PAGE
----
Zeitschrift für antike Literatur und ihre Rezeption / A Journal for Ancient Literature and its Reception

Ed. by Föllinger, Sabine / Fuhrer, Therese / Reinhardt, Tobias / Stenger, Jan / Vöhler, Martin



Issues

Re-experiencing the Past

The praesens pro praeterito in Non-narrative Discourse in Classical Greek Tragedy

Arjan A. Nijk
Published Online: 2016-11-02 | DOI: https://doi.org/10.1515/phil-2016-5007

Abstract

The aim of this article is to make a contribution towards a fuller understanding of the praesens pro praeterito (the present referring to past states of affairs, more commonly known as ‘historical present’) in Classical Greek by studying its use in non-narrative discourse in tragedy. The case of Sophocles’ Oedipus Rex serves as a framework for this survey. Taking the relevant present forms in this play as a starting point, three groups of verbs are subjected to close analysis: verbs of ‘dying’/‘perishing’, of ‘giving birth’/‘begetting’, and of ‘killing’. It is argued that the primary indicative forms referring to the past belonging to these verbs do not stand for perfects, as is often suggested, but retain their specific value: they construe the designated events as somehow part of the speaker’s ‘immediate reality’. Specifically in the Oedipus, the present is used by the protagonist and his co-operative interlocutors to highlight those facts that are crucial to Oedipus’ quest of finding out the killer’s, and with that his own, identity.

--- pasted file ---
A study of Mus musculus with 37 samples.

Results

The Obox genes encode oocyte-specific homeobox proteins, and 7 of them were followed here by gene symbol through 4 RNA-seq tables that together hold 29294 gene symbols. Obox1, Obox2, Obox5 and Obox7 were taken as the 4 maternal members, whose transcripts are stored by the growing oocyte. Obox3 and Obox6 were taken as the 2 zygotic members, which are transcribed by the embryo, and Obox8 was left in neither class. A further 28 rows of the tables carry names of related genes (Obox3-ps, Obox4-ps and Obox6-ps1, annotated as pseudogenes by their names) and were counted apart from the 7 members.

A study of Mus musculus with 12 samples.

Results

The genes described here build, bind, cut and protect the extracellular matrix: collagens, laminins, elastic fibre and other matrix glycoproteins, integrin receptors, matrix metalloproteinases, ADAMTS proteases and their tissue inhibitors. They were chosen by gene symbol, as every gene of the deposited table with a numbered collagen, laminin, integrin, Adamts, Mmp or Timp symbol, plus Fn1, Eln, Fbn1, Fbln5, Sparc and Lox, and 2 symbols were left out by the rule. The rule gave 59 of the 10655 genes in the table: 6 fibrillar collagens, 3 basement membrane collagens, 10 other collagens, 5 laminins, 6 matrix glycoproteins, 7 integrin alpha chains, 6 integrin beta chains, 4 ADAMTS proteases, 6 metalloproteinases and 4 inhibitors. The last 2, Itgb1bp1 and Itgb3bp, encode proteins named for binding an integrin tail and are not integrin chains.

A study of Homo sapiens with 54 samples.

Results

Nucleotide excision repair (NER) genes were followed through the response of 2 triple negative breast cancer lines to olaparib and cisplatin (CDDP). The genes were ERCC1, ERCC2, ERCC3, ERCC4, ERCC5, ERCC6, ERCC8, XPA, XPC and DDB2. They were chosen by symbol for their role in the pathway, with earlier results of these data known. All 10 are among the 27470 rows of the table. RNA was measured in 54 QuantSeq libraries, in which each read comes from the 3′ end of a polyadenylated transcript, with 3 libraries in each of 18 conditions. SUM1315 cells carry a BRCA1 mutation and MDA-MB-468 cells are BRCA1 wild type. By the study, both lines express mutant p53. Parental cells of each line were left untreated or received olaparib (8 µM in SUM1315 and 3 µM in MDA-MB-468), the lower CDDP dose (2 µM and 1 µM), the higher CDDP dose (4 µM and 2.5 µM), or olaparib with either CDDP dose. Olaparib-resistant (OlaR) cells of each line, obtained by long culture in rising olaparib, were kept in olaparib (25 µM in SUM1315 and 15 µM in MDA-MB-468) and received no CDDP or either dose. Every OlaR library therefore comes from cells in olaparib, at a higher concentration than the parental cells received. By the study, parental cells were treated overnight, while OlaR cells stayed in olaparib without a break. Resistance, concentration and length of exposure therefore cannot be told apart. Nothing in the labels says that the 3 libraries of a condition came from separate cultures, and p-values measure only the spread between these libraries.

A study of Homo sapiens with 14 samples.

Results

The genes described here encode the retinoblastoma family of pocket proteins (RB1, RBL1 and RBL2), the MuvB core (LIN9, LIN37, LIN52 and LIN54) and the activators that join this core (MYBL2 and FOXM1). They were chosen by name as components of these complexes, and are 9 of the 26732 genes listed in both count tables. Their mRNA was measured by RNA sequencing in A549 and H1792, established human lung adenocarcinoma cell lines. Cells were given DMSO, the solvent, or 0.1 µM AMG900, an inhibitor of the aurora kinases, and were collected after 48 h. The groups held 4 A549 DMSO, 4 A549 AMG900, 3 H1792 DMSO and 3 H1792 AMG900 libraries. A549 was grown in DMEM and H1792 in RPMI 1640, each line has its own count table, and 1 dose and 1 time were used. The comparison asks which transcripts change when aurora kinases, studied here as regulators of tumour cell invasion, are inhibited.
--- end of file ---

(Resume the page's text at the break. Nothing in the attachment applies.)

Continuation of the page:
Keywords: Praesens pro praeterito; historical present; linguistics; Sophocles; Oedipus Rex


Published Online: 2016-11-02

Published in Print: 2016-11-01


Citation Information: Philologus, Volume 160, Issue 2, Pages 217–250, ISSN (Online) 2196-7008, ISSN (Print) 0031-7985, DOI: https://doi.org/10.1515/phil-2016-5007.